The theme we identified in last month’s Report of “mixed signals” is appropriate again this month, with geopolitics and industry disruptions confusing the supply outlook, and the first change to our 2019 demand outlook for several months. The ongoing geopolitical supply concerns around Libya, Iran, and Venezuela have been joined in the past few days by the attacks on shipping off Fujairah and on two pumping stations in Saudi Arabia. At the time of writing, there is no disruption to oil supplies and prices are little changed. The IEA is monitoring the situation, particularly in view of the proximity of Fujairah to the strategically vital Strait of Hormuz. We are also monitoring the impact of the contamination of Russian crude oil passing through the 1.4 mb/d Druzhba pipeline system. The issue will be resolved in due course, eased by commercial and government stock draws by Russia’s customers. One consequence could be a loss of confidence in the quality of the crude flows and thus a search, where feasible, for alternative supplies that could intensify price pressures for heavy/medium sour crude oil.
Despite the difficult geopolitical backdrop and other supply problems, headline oil prices are little changed from a month ago at just above $70/bbl for Brent. In the intervening period, the decision by the United States to cease the waiver programme for buyers of Iran’s crude oil did see Brent briefly reach $75/bbl. However, there have been clear and, in the IEA’s view, very welcome signals from other producers that they will step in to replace Iran’s barrels, albeit gradually in response to requests from customers. There is certainly scope for other producers to step up production with our data showing that in April parties to the Vienna Agreement collectively produced 440 kb/d less than they promised, with Saudi Arabia producing 500 kb/d below its allocation. Of course, as we wrote in the February edition of this Report, there are quality issues for refiners used to processing Iranian barrels and the fact that increases in output come at the cost of reducing the global spare capacity cushion.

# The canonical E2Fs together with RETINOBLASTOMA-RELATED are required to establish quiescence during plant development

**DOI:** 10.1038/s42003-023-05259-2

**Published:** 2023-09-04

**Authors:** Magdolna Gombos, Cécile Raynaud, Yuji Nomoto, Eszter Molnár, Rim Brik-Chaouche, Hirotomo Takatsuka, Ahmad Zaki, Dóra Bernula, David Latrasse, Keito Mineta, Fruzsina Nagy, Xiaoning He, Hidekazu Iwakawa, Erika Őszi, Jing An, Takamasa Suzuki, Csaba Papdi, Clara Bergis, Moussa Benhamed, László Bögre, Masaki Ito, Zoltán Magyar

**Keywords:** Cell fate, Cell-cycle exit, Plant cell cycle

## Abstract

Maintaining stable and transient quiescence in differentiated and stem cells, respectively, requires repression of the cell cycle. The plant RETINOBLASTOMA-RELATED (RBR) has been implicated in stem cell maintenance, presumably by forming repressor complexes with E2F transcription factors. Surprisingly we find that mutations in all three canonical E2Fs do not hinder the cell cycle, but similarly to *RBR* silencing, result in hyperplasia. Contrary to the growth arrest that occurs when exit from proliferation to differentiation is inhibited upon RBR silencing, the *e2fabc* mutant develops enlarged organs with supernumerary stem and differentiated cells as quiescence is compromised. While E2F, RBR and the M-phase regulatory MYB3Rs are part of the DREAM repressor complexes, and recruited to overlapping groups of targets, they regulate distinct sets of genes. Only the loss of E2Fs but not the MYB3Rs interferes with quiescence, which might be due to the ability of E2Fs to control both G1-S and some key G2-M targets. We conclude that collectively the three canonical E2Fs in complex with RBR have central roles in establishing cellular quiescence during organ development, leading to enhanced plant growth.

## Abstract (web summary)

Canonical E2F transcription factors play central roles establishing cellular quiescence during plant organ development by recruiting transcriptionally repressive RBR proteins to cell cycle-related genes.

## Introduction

In this Report, there is a modest offset to supply worries from the demand side. Our headline growth estimate for 2019 has changed little since the middle of last year, but this month we cut it by 90 kb/d to a still healthy 1.3 mb/d. The reduction is mainly concentrated in 1Q19 on weaker than expected data for Brazil, China, Japan, Korea, Nigeria, and elsewhere lowering growth by 410 kb/d versus our last Report. Even so, slower demand growth is likely to be short-lived, as we believe that the pace will pick up during the rest of the year. An important implication of our revised demand data is that in 1Q19 the oil market saw an implied surplus of supply over demand of 0.7 mb/d, which was higher than previously suggested. As we move through 2Q19, while there is considerable uncertainty on the supply side, it is highly likely that the implied balance will flip into an indicative deficit of about the same size. Stocks in the OECD at the start of April have fallen back to the level seen in July in terms of days of forward cover and other stock indicators are pointing in the same direction.
For now, despite all the supply uncertainty, headline Brent oil prices are little changed from a month ago. However, the backwardation has steepened considerably and front month prices are about $3/bbl higher than for six months out. The decline of 230 kb/d in the North Sea loading programme for June versus May, although not a surprise, is another important factor adding to overall concerns about supply. Elsewhere, contract prices are rising sharply with Asian customers paying significantly more for barrels from Middle East sources as they seek to replace their normal supplies of Iranian crude. Basrah Light, for example, was reported as offered at its highest level for nearly eight years.
The IEA is reassured to see that the challenges posed by the supply uncertainties are being managed and we hope that major players will continue to work to ensure market stability.